Ashutosh Pandey
3rd Aug 2015


AAP

 

It is a well-known fact that politics is a dirty game and the political class is looked upon with emotions bordering on hatred and contempt by the working class. A well-meaning citizen does not want to soil his/her image by jumping into politics. It was, therefore, seen as something of a joke by many when a person who was shouting from the rooftops about corruption at the Parliament and calling for a systemic overhaul suddenly start a political party himself.

A motley group of people dared to start something which was thought, earlier, to be impossible. No denying the fact that these were the people who built a movement against corruption from seemingly nothing. Just a few individuals decided to do a dharna to force the Central government to find an institutional framework to eradicate corruption. This received unprecedented support across India, but the system’s response to such mass movements also died down. It was, therefore, time to change the strategy. This was when AAP was born; its main architect none other than Arvind Kejriwal.

Like any other business startup this group had nothing except an idea. The idea was to, as good citizens, take matters into their own hands and change a rotting system. They could either confine themselves to the limited space of civil society movement or to jump into the dirty game of politics to cleanse from within. Organising few movements, staging a dharna from time to time, conducting protest marches and stirring up the public anger, although worthwhile, came with little accountability and no threat to being submerged in dirt. Getting into politics was dangerous, and success rate was almost nil.

The group went for the difficult option: a John Scully-moment of sorts. John was doing fine as the CEO of Pepsi, when he was approached by Steve Jobs, who asked him, "Do you want to sell sugar water for the rest of your life, or do you want to come with me and change the world”. John left his cushy job, decided to be part of Apple as he longed to make a difference.

Time was ripe in India. Society was changing. New-age kids aspired for a different world, a just world without corruption. Arvind and his team launched to trek a difficult path gripped by what many said reeked of ‘hippie idealism’ or the counter revolution of the 60s generation in the US. Nobody gave them a chance but they surprised everyone with their success, once in 2013 and again 2015. The reason behind their success? They did not have money which, till then, was the defining line for political success. They did not have cadre, organisation or an office. They had nothing except an idea which was considered by many to be too utopian.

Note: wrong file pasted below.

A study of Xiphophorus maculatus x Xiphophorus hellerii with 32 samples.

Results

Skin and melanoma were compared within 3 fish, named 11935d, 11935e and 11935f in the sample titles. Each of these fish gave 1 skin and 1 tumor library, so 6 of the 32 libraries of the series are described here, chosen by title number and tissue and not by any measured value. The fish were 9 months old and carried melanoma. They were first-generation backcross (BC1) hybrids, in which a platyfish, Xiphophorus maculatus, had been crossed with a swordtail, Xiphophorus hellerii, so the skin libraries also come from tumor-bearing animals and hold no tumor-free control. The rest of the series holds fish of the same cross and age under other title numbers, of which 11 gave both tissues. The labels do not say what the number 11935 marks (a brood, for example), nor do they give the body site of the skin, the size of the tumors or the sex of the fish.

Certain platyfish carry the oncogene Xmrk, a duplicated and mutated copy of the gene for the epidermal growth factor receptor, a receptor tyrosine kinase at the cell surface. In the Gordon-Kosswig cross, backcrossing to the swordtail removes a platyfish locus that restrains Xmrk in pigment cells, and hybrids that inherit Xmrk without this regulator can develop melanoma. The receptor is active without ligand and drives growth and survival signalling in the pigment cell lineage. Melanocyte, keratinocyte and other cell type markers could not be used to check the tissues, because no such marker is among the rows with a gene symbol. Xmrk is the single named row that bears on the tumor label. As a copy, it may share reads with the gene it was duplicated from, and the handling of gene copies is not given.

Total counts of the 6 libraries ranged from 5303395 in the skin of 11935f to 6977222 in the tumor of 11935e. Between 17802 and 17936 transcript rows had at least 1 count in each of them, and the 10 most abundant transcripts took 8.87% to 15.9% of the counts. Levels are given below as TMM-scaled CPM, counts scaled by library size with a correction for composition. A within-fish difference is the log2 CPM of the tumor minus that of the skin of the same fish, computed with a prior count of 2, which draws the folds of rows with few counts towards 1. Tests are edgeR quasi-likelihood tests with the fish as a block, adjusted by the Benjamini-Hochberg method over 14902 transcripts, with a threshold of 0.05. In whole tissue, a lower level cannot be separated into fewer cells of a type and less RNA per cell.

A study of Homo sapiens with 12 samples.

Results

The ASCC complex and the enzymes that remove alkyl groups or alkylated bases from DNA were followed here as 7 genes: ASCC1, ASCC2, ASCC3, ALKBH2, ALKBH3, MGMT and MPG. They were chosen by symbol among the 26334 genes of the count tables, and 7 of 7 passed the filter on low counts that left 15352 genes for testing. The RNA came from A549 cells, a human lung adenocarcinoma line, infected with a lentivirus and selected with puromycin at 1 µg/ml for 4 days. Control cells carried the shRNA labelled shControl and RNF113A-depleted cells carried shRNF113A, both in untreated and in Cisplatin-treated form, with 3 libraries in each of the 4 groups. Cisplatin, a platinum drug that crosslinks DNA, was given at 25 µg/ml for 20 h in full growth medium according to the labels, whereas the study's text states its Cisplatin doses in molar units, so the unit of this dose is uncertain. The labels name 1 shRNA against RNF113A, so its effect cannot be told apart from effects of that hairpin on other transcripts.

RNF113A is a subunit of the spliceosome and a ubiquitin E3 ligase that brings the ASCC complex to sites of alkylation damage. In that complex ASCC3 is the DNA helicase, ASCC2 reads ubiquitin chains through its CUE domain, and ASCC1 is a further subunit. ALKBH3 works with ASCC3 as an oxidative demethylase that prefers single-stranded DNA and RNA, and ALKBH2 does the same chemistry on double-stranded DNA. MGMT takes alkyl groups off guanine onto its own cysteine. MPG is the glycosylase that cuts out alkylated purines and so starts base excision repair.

But like any successful startup, this idea was timely and had a target audience. It clicked and did great business in its first year itself proving everyone wrong and leaving its competitors gasping.

Like every great startup, AAP has a very strong leader in the form of Arvind Kejriwal, and a committed team of individuals which is ready to walk the extra mile. The best part of a startup is it does not have to deal with legacy nor is it constrained by the past. Every move is a new one and competition does not have the luxury of past to assess its strength and plan accordingly to counter it.

It suits every start up to play an underdog and as not a significant a player in the game. Instead, the startup has to play its assets in innovation and connecting the product with the demand in the market. AAP introduced many new concepts of political campaigning. With no money, the party had no option but to contact every potential voter in its vicinity. It made door-to-door campaigning a new buzz word, and, by the second Assembly elections, the main competitors to this startup, BJP Congress, were left with no option but to copy their tactic, as AAP raised the bar for voter connect.

The party took the road less travelled. In the age of TV and newspaper advertising, AAP made radio campaign fashionable. AAP did not take the beaten route of caste and religion to attract voters. It focused on the basic issues of the aam aadmi just like how Apple moved in the direction to make computer more accessible, more user-friendly and easy to carry with perfect design. The party’s success lies in reprogramming traditional politics and presenting a new product, aspirational and moral in its DNA. A society fed up with the traditional politics lapped it up and bolstered it into the most interesting political startup of the new century.

But to succeed on a long-term basis AAP, like Apple, has to engage in continuous innovation, without losing its original core idea, to remain original and successful. Steve Jobs said,

Innovation has nothing to do with how many R&D dollars you have. When Apple came up with the Mac, IBM was spending at least one hundred times more on R&D. It's not about the money, it's about the people you have, how you are led and how much you get it.